If you have a Gmail account — which seems like everyone these days — you can now (or will soon be able to) access it offline, bringing Google one step closer to cloud-computing domination.
This is what several technology experts are saying is a challenge to Microsoft’s Office Suite. As CNET’s Stephen Shankland wrote back in February:
Google is betting on a future with ubiquitous, affordable, wireless, high-speed Internet access. That may be smart in the long run, but last week that philosophy drove me straight back into the arms of Microsoft.
But Google’s announcement yesterday that several of its applications can go offline will shake things up. Chrome users can install offline-access applications through the Chrome Web Store and start using Gmail, Google Docs and other Google applications offline right away. Non-Chrome users will eventually have this capability available to them. PC World has the details:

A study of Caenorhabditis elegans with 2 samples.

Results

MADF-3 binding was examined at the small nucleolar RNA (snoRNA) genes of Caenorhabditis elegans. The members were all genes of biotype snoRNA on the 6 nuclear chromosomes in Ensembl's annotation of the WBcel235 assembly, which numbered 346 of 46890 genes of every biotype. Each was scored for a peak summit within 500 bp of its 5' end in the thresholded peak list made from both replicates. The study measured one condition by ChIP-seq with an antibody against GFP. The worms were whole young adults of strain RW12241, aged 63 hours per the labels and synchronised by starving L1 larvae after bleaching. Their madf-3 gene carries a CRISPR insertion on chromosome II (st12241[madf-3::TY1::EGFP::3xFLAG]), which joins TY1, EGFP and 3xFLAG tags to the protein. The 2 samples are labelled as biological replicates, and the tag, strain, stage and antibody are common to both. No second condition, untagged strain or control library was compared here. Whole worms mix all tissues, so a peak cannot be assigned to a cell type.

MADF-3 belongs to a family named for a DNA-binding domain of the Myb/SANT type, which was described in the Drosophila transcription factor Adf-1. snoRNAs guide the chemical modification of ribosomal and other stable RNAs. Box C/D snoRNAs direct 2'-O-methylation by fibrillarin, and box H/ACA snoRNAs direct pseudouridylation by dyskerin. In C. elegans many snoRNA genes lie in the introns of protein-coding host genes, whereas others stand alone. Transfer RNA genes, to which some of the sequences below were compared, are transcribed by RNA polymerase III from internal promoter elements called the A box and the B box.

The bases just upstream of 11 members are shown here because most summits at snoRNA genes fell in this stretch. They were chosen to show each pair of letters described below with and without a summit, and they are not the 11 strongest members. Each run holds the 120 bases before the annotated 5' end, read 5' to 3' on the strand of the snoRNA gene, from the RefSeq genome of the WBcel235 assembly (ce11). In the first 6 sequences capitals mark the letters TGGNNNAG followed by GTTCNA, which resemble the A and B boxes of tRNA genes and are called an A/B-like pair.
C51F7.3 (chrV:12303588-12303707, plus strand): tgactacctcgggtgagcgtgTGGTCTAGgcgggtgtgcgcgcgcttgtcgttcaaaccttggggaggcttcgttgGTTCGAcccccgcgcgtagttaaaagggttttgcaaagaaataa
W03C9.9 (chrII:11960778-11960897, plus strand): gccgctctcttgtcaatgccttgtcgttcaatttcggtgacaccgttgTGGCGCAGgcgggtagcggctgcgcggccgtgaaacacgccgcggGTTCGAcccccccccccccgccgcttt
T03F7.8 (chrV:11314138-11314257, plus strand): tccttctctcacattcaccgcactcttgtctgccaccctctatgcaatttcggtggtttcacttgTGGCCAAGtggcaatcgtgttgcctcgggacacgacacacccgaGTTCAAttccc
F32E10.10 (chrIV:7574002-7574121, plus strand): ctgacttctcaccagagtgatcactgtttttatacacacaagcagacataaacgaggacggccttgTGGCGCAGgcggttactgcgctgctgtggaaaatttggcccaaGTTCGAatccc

Once installed, these offline applications will create an icon in the Chrome browser interface for launching them when users aren’t online. The Gmail application will have its own user interface separate from the Gmail web interface, while the Docs and Calendar applications will trigger their web application’s interface and work in the background.
In all three cases, users will get access to a subset of the web applications’ features. For example, in Docs it will be possible to view documents and spreadsheets, but not yet edit those documents. In Calendar, users will be able to view events and RSVP to appointments.
Yesterday, CNET reported Rajen Sheth, a Google group product manager, as saying, “This is the first step. We wanted to get something that meets core needs of users and then iterate.”
Previously, Google offered offline Gmail through technology called Gears, but it discontinued that application for Chrome in May 2011 to move forward with its new offline capability.